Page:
BMW’s plans to completely switch to electric vehicles are a bit slower than its BMW Group siblings, Mini and Rolls-Royce. However, the totality of the BMW Group aims to have half of its global sales come from fully-electric vehicles before the end of the decade. And given the fact that BMW sells far more vehicles annually than both Mini and Rolls-Royce combined, the lion’s share of those sales will need to be from BMW.
During BMW’s recent press release about its global sales so far this year, we learned that the BMW Group wants 50-percent of the brand’s global sales to be electric vehicles before 2030. The first part of that goal is to have more than two million EVs on the road by 2025. Most of those vehicles will come from existing EVs, such as the BMW i4 and iX, but also from upcoming models, such as the BMW i7, i5, iX1, and Mini Countryman EV. The BMW i5 and Mini Countryman will go into production next year.
The Rolls-Royce Spectre will also go into production next year, and will account for some of those sales, but it will only make a small dent. Rolls-Royce is a very low-volume automaker, especially compared to a brand like BMW, so while its sales will be part of the two million EVs by 2025, the Spectre isn’t going to help much (although, the Spectre will likely be the most profitable BMW Group EV).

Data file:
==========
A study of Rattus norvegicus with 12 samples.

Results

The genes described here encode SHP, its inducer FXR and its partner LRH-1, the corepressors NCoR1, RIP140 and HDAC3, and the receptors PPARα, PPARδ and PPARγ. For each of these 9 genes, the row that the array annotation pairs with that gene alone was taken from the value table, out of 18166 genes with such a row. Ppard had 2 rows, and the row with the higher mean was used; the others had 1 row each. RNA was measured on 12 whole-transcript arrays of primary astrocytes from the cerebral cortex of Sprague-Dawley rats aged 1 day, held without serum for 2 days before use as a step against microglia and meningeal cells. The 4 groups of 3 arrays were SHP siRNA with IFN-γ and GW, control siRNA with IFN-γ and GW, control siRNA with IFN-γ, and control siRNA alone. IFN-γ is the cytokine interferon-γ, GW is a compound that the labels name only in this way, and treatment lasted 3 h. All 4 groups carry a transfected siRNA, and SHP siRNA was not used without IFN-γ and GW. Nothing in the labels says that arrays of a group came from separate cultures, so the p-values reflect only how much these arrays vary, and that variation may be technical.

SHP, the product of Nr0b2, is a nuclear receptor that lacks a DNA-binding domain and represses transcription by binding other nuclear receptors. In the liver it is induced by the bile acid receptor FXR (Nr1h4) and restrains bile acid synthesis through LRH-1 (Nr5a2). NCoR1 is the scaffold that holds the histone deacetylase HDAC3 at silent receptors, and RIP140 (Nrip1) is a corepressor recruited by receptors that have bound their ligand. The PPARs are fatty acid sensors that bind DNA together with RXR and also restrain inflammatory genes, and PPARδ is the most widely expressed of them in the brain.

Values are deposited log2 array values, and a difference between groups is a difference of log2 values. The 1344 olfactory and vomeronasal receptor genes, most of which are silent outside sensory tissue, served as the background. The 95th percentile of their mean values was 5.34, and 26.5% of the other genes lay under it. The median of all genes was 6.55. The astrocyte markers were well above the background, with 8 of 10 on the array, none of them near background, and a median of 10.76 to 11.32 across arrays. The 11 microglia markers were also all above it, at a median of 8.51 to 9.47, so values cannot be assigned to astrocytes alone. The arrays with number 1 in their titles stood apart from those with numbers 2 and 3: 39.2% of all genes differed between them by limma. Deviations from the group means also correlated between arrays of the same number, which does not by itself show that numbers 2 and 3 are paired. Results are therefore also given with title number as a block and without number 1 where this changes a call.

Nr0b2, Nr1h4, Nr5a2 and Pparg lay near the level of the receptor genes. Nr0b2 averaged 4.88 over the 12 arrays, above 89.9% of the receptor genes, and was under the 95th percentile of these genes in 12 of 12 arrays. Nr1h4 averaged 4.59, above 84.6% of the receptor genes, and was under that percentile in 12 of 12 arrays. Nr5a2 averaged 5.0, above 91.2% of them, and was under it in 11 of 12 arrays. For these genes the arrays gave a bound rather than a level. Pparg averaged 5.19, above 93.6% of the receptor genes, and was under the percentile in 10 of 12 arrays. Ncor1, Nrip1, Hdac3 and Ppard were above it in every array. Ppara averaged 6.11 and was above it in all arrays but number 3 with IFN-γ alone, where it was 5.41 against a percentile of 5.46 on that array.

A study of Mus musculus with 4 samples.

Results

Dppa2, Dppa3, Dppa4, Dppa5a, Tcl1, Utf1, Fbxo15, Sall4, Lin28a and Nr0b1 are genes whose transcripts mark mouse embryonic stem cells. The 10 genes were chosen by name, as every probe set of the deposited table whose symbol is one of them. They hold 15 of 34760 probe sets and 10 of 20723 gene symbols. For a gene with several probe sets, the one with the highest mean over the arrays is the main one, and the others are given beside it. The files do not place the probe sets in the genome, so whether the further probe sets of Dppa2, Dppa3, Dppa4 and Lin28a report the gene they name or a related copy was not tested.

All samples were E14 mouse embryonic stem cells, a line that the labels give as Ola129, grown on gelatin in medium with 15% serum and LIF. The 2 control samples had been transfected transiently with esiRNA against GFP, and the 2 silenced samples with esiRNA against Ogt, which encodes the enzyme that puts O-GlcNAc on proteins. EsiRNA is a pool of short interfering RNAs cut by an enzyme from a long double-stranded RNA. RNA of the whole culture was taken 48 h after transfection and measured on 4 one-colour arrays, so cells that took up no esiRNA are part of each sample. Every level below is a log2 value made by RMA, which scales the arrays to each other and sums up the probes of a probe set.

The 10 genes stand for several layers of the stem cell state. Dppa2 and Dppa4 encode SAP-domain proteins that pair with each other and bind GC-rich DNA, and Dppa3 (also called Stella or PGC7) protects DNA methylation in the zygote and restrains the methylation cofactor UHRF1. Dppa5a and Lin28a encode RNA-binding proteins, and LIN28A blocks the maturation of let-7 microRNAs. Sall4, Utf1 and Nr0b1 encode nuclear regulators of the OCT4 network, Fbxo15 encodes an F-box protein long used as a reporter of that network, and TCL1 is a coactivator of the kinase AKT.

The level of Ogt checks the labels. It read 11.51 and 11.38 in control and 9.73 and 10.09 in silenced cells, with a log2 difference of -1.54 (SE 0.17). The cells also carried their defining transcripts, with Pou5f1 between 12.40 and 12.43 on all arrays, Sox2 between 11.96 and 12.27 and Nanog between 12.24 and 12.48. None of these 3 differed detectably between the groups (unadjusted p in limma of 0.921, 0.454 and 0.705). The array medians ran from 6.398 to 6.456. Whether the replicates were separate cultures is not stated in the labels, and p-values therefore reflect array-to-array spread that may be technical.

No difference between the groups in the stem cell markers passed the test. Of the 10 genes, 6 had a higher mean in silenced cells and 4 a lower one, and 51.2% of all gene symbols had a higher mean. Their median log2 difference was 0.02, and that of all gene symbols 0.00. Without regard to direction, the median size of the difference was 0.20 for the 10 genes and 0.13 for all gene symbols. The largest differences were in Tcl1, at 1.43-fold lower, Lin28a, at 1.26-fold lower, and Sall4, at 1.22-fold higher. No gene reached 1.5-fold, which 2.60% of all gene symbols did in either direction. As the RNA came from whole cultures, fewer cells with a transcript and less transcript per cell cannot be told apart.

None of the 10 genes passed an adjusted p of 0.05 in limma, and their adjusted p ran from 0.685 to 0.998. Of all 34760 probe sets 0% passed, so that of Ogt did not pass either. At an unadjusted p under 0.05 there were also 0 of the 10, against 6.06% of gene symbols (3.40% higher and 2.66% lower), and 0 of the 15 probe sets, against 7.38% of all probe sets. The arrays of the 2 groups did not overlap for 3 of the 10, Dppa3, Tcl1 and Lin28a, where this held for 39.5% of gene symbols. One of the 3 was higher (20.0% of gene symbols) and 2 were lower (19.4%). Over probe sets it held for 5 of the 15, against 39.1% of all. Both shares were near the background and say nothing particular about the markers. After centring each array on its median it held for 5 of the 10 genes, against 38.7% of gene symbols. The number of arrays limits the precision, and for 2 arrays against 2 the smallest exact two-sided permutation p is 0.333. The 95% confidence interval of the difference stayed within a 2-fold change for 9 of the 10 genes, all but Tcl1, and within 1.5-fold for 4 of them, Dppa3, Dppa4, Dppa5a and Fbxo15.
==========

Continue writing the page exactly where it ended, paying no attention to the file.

After 2025, BMW will need to drastically increase its EV output if it wants to reach that 50-percent electric goal. To do so, BMW will be introducing its Neue Klasse chassis, which will be a purely electric platform that will underpin all of the brand’s future EVs. The Neue Klasse’s first car, from what we understand, will be an all-electric version BMW iX3. There will be an internal-combustion X3 as well, built on BMW’s flexible CLAR platform. So there will be two X3 models—one ICE (G45 designation) and one electric (NA5 designation)—on two different chassis. Their designs will be slightly different but both will be instantly recognizable as an X3.
From there, BMW will continue to develop EVs on the Neue Klasse chassis, which will help BMW reach its 50-percent EV goal by 2030. While that isn’t as ambitious as some other automakers, such as Ford and Volvo, BMW has a much larger model portfolio and customer base in more markets. So it makes sense that BMW might want to be a bit slower to completely shift to electrification. However, 50-percent electric by 2030 is the most ambitious EV goal we’ve heard from BMW yet.